When Americans Say They Believe in God, What Do They Mean?
1. Beliefs about the nature of God
Virtually all U.S. Christians say they believe in God or a higher power of some kind. Among evangelical Protestants, 91% put their faith in God “as described in the Bible,” as do 92% of those in the historically black Protestant tradition. Most Catholics and mainline Protestants also believe in the God of the Bible, though sizable minorities within these groups say they believe in some other higher power or spiritual force.
Like Christians, most Jews believe in a deity. But compared with Christians, Jews are much more likely to say they believe in a higher power other than the biblical God (56%), and much less likely to say they believe in God as described in the Bible (33%). And one-in-ten Jews say they do not believe in God or a higher power of any kind.
The survey shows that a complete lack of belief is relatively uncommon even among religious “nones.” Seven-in-ten religious “nones” say they believe in God or a higher power of some kind, including 17% who believe in the biblical God and 53% who believe in a different higher power or spiritual force. Self-described atheists are the only group surveyed in which a majority (81%) rejects belief in a higher power altogether, and even among atheists, roughly one-in-five (18%) say they believe in some spiritual force.
Belief in God as described in the Bible is more common among women than men (61% vs. 50%), among older people than among younger adults, and among Republicans and those who lean toward the GOP than among Democrats (70% vs. 45%). The survey also shows that belief in the biblical God is least common among the most highly educated Americans.
Nine-in-ten Christians say they believe God or another higher power in the universe loves all people despite their faults, and nearly as many say they think God is all-knowing. A smaller majority of Christians believe God is omnipotent, with the power to direct or change everything that goes on in the world (78%). Evangelicals and those in the historically black Protestant tradition are most likely to attribute these characteristics to God, though majorities in all Christian groups say God is loving, omniscient and omnipotent.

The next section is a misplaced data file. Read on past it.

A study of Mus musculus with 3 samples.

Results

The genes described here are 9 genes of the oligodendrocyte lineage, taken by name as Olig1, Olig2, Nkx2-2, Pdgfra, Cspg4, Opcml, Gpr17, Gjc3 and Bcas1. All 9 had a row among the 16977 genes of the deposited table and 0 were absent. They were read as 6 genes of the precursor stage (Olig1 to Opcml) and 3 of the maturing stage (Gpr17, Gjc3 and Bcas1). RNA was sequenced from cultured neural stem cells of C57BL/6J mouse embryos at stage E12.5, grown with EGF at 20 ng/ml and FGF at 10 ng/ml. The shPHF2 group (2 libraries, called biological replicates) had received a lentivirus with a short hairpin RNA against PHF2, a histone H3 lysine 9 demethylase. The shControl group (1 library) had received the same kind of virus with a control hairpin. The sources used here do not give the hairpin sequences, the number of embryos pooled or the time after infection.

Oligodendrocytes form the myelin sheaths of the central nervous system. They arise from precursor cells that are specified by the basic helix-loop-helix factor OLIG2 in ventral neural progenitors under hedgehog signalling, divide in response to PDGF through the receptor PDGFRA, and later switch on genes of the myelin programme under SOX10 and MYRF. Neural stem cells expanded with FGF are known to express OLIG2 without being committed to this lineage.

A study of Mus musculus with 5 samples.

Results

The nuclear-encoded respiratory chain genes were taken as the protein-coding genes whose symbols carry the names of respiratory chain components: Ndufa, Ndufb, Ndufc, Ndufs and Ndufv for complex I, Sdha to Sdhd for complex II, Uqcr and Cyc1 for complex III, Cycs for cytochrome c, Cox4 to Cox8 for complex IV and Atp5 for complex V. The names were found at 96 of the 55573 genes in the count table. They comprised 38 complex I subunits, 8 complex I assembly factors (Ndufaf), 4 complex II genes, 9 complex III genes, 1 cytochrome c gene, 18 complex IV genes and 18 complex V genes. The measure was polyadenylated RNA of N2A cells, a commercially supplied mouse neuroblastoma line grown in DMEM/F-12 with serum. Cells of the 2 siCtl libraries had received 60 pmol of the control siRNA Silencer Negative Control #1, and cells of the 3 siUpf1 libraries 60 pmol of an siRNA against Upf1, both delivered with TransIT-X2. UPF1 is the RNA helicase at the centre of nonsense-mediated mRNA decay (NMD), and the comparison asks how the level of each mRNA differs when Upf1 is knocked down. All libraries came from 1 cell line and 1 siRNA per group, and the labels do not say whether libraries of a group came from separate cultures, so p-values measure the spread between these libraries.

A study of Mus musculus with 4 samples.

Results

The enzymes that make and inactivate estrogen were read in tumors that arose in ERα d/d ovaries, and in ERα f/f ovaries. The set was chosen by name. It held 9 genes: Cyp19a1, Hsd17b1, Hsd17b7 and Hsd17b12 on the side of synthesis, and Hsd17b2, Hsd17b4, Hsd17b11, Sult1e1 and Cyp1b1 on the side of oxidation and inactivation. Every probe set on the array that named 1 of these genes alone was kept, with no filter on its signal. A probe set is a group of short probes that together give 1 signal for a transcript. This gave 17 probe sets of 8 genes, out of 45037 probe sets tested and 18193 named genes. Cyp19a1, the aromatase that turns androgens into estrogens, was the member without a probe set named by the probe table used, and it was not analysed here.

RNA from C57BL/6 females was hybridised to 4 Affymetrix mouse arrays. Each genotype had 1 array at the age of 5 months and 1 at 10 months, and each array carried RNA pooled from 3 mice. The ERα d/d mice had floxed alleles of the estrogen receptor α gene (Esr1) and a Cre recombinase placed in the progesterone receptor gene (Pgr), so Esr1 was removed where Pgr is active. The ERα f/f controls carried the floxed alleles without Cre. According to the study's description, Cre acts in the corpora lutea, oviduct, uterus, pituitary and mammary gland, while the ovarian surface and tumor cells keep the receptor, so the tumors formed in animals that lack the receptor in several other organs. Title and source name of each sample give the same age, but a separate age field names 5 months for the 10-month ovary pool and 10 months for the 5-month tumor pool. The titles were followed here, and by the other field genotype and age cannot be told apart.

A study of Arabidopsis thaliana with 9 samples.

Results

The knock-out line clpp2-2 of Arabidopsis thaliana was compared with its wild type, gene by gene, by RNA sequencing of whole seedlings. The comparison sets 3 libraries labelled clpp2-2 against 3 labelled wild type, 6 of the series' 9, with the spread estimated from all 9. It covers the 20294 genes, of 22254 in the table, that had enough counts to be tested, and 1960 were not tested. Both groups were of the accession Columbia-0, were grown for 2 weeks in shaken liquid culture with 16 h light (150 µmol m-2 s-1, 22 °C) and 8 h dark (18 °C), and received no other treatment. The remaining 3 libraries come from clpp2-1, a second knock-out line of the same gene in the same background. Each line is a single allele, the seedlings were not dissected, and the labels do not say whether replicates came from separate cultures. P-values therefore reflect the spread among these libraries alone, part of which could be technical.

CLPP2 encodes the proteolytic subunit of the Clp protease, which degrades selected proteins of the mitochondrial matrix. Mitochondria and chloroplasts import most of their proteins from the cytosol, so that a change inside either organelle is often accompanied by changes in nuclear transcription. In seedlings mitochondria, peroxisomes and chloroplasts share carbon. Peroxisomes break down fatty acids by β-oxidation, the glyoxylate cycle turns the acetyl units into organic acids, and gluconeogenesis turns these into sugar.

Among demographic groups, women are somewhat more likely than men to say God is all-loving or all-knowing, though they are not much more likely than men to view God as all-powerful. The beliefs that God is all-loving, all-knowing or all-powerful are more common among older people than younger adults, and among Republicans than Democrats.
Three-quarters of U.S. Christians, including 91% of those in the historically black Protestant tradition and 87% of evangelical Protestants, believe God is all-loving, all-knowing and all-powerful. By comparison, Jews and religious “nones” are far less likely to say God (or another higher power in the universe) possesses all three of these attributes.
Among respondents who say they believe in God as described in the Bible, fully eight-in-ten (83%) say they believe God is all-loving, omniscient and omnipotent. By contrast, among those who believe in a higher power but not the God of the Bible, just 28% say God has all three of these characteristics.
Overall, six-in-ten Americans believe God or a higher power will someday judge all people. This view is most common among evangelicals (87%) and those in the historically black Protestant tradition (85%), and held by smaller majorities of other Christian groups. Most Jews and religious “nones” (some of whom do not believe in God or a higher power in the first place) reject the idea that people’s deeds will ultimately by judged by a higher power.
Seven-in-ten adults ages 50 and older think all people will ultimately face God’s judgment. By contrast, just 56% of those in their 30s and 40s and half of adults under 30 (49%) say the same.
Three-quarters of Republicans and those who lean toward the GOP (74%) think all people will have their actions judged by God. Among Democrats and those who lean toward the Democratic Party, about half (51%) express this view.